Clinical Research: Phase 1 - Phase 4

Study Start-Up: Why You Really Need to Get This Right

You get one chance to initiate a clinical trial. Botch the start-up and you’ll expend great effort correcting course and playing catch-up. The waste of money and time — commodities that are chronically scarce among the biotech and specialty pharma companies that comprise most of our customer base — can be devastating.

That’s why we created a department that consolidates all the expertise needed to get trials off on the right foot. The underlying goal is to simplify by doing a lot of advance work and by giving sponsors a single CRO interface who takes on all the worries — from protocol design to regulatory affairs, from site selection to ethics.

That way, our sponsors can focus more on science and less on … everything else.

The process actually starts before the study is even awarded, at the RFP stage. There’s no better time to hone our understanding of what’s important to the sponsor: first site initiated, first patient in, or whichever other goal is most relevant. Assessing large amounts of data at the pre-award stage is vital to putting the study on the right path and is indispensable in developing the contractual agreement post-award.

It’s a lot of effort on our investment dime, but the payoff can be considerable in a smoother study launch without the false starts and missteps that often result from the absence of careful planning.

Once the study is awarded, it becomes the responsibility of a dedicated Project Launch Manager and a focused start-up team whose sole focus is an effective and efficient start-up, laying the foundation for successful execution. All these project launch managers do is study start-up, and here’s why: Clinical trials typically last for years, and team members who stay aboard a trial from start to finish lack the opportunity to develop the highly specific skills and disciplines that ensure an effective launch.

Having an itinerant launch crew that moves from trial to trial guarantees that every study gets our best start-up expertise.

Here are some other start-up recommendations we offer to current and prospective customers:

  • Set realistic timelines. Sponsors often have rigid timing for study milestones, and the clock starts as soon as the CRO contract is signed. But start-up is time-consuming, labor-intensive, and expensive, so it helps to establish realistic expectations — for example, allocating time to identify the right sites or time for sites to negotiate nuances of the clinical trial agreement is vital for a right timeline estimation.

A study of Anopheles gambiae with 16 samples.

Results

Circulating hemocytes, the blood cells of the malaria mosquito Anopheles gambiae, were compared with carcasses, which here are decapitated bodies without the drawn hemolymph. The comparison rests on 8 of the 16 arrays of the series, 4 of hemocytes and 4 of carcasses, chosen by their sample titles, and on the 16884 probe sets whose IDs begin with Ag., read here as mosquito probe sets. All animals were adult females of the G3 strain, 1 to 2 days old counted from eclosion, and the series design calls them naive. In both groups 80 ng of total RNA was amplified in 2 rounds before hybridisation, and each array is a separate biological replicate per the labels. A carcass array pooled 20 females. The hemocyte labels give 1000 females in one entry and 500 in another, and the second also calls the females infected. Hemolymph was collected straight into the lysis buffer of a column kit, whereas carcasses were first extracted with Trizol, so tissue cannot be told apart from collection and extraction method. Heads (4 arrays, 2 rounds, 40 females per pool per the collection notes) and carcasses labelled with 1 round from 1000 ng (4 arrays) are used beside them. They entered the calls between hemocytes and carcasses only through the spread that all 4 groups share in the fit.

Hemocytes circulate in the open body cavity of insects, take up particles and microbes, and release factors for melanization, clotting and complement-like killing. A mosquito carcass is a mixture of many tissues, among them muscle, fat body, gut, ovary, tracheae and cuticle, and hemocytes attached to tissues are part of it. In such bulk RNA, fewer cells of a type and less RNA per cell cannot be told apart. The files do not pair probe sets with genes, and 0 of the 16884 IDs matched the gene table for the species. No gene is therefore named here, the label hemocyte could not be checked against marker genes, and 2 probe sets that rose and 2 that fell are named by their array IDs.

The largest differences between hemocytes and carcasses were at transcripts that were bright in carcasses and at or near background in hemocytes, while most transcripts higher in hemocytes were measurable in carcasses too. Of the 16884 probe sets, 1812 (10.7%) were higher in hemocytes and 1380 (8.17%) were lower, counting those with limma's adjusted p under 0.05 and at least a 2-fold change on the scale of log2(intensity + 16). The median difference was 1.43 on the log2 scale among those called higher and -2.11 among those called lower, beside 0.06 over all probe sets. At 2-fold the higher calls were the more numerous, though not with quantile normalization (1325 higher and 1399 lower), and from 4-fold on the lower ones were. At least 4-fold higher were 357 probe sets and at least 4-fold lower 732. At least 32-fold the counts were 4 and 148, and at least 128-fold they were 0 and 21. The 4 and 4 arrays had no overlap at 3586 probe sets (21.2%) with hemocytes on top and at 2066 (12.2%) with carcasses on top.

• Start with the end in mind. A final protocol will help you identify and qualify sites that have the necessary resources and experience; however, we know that time is money and sometimes requires alternative thinking; we can expedite site identification based on a protocol synopsis to work things in parallel. Recruiting effective sites and high-performing investigators helps ensure rapid recruitment and patient retention.
  • Leave no stone unturned. Use all available resources to identify sites. Sponsor and CRO site databases are useful in cultivating and maintaining long-term relationships with high-performing sites. But if you’re searching for new sites and/or investigators within a specific geographic area or therapeutic area, you may need to look outside of your existing database.
  • Is everyone on board? In global studies, it’s critical to ensure that the study protocol is approved by the necessary regulatory authorities and ethics committees in every country where the study will be conducted. While other CROs are moving toward study start-up hubs, we still use a localized start-up approach with separate start-up groups on the ground in each country. A team of country regulatory experts led by a regulatory start-up lead will oversee and perform submissions adding the country-specific knowledge to make the process smoother.
  • Conduct a pre-study visit. It will help ensure that the objectives and expectations of the sponsor and CRO are aligned with those of the investigative site.
  • Monitor enrollment progress. Investigators often overestimate the number of patients they see with a certain condition, and that can hurt your feasibility study and recruitment projections. If you are falling behind on enrollment, be prepared to put significant resources into marketing the study to investigators, sites, and eligible study participants.

At Premier Research, our people are what make the difference when it comes to ensuring every piece falls into place. From identifying the sites to compiling the core clinical regulatory packages, a dedicated study start-up team supports your effective project launch. Learn more about our integrated, technology-enabled approach to study start-up here.